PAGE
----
35 more coronavirus deaths in region as UK death toll rises by 30 per cent in one day
More than 200 people have now died from coronavirus across the Black Country, Birmingham and Staffordshire.
The news was announced yesterday afternoon as the UK death toll increased by 563 - or more than 30 per cent - to 2,352 in what was by far the biggest single-day increase in the country since the Covid-19 pandemic began.
A total of 486 were confirmed to have died in England, with the country's youngest victim 13-year-old Mohamed Abdulwahab among those included in the figures.
Mohamed was among the 20 patients confirmed to have died who did not have underlying health conditions.
These included 11 in Dudley, nine in Wolverhampton, 13 across Sandwell and Birmingham and two in Staffordshire.
There were also eight deaths in Worcestershire – with seven at Worcestershire Acute Hospitals NHS Trust and one at Worcester Health and Care NHS Trust.
In total, 58 people have now died at the Royal Wolverhampton NHS Trust, 41 at the Dudley Group NHS Foundation Trust, 18 at the University Hospitals of North Midlands NHS Trust, two at the Walsall Healthcare NHS Trust and 93 across all the Birmingham NHS trusts – including Sandwell and West Birmingham NHS Trust which runs Sandwell General and City Hospital.
A total of 27 people have died in Worcestershire.
The death figures released each day refer to the deaths of coronavirus patients confirmed in a 24-hour period, and include patients who died several days ago but whose families had not been informed or who needed further testing.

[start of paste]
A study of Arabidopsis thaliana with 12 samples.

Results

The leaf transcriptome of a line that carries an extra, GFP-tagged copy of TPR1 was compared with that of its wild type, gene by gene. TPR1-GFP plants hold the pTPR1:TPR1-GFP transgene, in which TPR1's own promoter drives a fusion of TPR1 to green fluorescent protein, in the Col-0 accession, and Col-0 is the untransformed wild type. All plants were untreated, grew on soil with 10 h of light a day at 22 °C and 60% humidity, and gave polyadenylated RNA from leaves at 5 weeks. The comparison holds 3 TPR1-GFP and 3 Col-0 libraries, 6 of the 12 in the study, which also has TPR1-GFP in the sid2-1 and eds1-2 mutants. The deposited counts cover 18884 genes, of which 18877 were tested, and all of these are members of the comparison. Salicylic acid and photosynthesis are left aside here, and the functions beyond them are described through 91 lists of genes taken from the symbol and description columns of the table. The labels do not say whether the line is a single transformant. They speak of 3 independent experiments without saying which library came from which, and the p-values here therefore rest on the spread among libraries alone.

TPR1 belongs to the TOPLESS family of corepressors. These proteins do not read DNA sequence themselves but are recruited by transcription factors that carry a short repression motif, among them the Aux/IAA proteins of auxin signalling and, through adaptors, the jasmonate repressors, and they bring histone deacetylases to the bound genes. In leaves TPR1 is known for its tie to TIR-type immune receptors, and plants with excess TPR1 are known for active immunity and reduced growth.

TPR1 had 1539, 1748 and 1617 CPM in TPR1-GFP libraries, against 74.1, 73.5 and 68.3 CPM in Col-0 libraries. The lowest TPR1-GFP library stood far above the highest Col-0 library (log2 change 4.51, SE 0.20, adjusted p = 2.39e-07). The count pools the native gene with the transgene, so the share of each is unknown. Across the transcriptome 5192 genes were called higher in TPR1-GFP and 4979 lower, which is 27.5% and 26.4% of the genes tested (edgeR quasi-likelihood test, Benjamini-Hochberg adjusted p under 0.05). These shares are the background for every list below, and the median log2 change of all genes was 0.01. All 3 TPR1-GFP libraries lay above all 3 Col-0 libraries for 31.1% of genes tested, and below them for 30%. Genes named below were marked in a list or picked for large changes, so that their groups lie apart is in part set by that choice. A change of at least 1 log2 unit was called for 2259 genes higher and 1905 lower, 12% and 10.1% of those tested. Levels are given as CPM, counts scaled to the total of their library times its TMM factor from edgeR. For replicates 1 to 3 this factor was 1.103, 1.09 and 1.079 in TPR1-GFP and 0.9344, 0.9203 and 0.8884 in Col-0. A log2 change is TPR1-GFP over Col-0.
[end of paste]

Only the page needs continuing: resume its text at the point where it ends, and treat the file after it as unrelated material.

NHS England said in a statement: "A further 486 people, who tested positive for the Coronavirus (Covid-19) have died, bringing the total number of confirmed reported deaths in hospitals in England to 2,137.
"Patients were aged between 13 and 99 years old. 20 of the 486 patients (aged between 13 and 93 years old) had no known underlying health condition.
"Their families have been informed."
It came as the Government cane under increasing pressure over Covid-19 testing and the provision of protective equipment for NHS staff.
Around 8,000 test per days are currently being carried out across the UK even though ministers previously claimed a target of 10,000 tests per day had been hit.
At present, the focus is on testing patients in hospital to see if they have coronavirus, with NHS trusts told earlier in the week they should use up to 15 per cent of any spare testing capacity for NHS staff.
Health Secretary Matt Hancock has now scrapped that cap, telling NHS hospital labs to use all spare capacity to test their frontline workers.
Chris Hopson, the chief executive of NHS Providers, which represents NHS trusts, said maximum testing capacity in the UK was currently “very constrained” at around 13,000 tests per day.
Meanwhile Defence Secretary Ben Wallace has become the fourth Cabinet minister to have self-isolated due to Covid-19.
The Government has blamed a global lack of reagents needed to carry out tests, though the chemical industry in the UK suggested there were no shortages.
Locally, a Muslim leader in Walsall has spoken out to voice his fears that people are continuing to meet and are thus sprading the virus despite advice to keep apart.
And the widow of a Bridgnorth man who died after contracting Covid-19 has warned people to protect their loved ones as she paid tribute to her husband.
Police have also been given new guidance over how to enforce new restrictions after West Midlands Police Chief Constable David Thompson revealed only two people had been charged for flouting the rules in the region as of yesterday.
- An earlier version of this story said 62 people had died at Wolverhampton and 216 had died across the region. After confirmation from the Royal Wolverhampton Health Trust these figures have now been updated to 58 and 212. The error was due to deaths we had already confirmed with the trust later being included in NHS England figures.